To what extend can a DOS attack succeed even if it was detected?
If a DOS attack isn't detectable, it didn't succeed.
For a DOS attack to succeed, the defender needs to be overwhelmed, even though they know what's happening.
The more the defender's cost per packet exceeds the attacker's cost per packet, the more likely it is that the defender will be overwhelmed.
The aim of DOS filtering is to discard the DOS packets cheaply - to reduce the cost of receiving the packet to something close to the cost of sending the packet.
It's quite possible that filtering may fail to prevent the DOS succeeding. If, for example, the DOS chews up all your bandwidth, it will succeed.
But the only way that filtering is likely to cause the attack to succeed is if filtering is significantly more expensive than just letting the DOS packets hit your infrastructure. That's not impossible, but it's unlikely.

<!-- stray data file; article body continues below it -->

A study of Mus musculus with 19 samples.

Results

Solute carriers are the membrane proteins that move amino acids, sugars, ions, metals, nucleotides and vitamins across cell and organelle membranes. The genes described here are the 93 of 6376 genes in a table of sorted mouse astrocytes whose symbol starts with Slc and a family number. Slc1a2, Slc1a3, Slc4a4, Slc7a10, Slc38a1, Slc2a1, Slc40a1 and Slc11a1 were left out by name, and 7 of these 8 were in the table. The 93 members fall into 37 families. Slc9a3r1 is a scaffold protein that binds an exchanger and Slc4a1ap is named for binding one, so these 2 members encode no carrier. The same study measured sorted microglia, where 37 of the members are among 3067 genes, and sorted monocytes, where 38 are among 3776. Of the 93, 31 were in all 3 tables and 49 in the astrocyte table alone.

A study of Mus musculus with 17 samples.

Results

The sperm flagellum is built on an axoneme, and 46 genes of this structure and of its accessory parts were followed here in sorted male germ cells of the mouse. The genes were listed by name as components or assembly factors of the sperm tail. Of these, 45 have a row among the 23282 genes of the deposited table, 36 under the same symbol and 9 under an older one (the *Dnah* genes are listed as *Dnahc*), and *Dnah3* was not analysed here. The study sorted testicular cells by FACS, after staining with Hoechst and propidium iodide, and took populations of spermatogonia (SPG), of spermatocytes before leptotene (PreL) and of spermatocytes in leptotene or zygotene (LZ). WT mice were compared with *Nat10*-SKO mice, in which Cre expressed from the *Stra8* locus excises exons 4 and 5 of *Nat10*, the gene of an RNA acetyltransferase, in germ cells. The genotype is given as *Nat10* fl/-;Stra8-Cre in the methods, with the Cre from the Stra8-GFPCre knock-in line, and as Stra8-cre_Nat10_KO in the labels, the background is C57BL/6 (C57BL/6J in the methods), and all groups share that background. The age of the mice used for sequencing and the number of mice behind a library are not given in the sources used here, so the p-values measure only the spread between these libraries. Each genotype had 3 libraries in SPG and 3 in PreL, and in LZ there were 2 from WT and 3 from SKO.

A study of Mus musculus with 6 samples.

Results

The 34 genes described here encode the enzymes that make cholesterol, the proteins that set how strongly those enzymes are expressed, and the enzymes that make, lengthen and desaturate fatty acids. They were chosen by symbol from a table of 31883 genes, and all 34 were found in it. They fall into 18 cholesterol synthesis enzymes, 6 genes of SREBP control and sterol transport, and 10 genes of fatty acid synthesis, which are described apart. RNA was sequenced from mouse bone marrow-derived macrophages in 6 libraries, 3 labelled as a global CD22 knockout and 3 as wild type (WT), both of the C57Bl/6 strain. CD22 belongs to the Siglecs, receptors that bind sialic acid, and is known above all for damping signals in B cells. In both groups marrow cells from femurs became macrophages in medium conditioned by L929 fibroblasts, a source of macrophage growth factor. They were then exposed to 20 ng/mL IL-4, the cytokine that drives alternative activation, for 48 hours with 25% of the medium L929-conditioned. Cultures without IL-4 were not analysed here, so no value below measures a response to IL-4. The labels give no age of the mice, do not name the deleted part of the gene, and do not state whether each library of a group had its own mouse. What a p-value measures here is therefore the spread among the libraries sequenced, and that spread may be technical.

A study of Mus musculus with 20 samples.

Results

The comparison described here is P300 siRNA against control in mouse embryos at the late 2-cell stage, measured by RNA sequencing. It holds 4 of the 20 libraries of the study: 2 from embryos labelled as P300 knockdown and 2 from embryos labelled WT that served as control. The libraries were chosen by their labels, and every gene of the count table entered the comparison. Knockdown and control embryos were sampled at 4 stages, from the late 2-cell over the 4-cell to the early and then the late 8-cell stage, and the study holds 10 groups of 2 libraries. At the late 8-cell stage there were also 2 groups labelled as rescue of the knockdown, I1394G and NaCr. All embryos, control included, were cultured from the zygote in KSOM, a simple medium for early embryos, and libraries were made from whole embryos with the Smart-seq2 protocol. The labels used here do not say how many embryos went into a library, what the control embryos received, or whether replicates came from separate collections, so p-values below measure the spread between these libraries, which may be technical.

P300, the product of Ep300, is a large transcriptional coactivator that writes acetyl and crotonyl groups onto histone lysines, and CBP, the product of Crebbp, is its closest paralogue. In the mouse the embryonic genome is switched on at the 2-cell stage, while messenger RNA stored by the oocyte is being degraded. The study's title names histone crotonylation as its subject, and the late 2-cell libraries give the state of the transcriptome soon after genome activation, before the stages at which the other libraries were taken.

If filtering is only slightly more expensive than not filtering, which will typically be the case if filtering doesn't work, then it probably won't make any difference during an attack. Any attack that succeeds would probably have succeeded anyway, especially as the firewall is almost always a different box to the one hosting the service under attack.
Where filtering can hurt is with normal traffic. If the cost of filtering is significant, compared to the normal cost of processing, and if there isn't a lot of spare capacity, then filtering can turn a load of healthy traffic into a self-denial of service.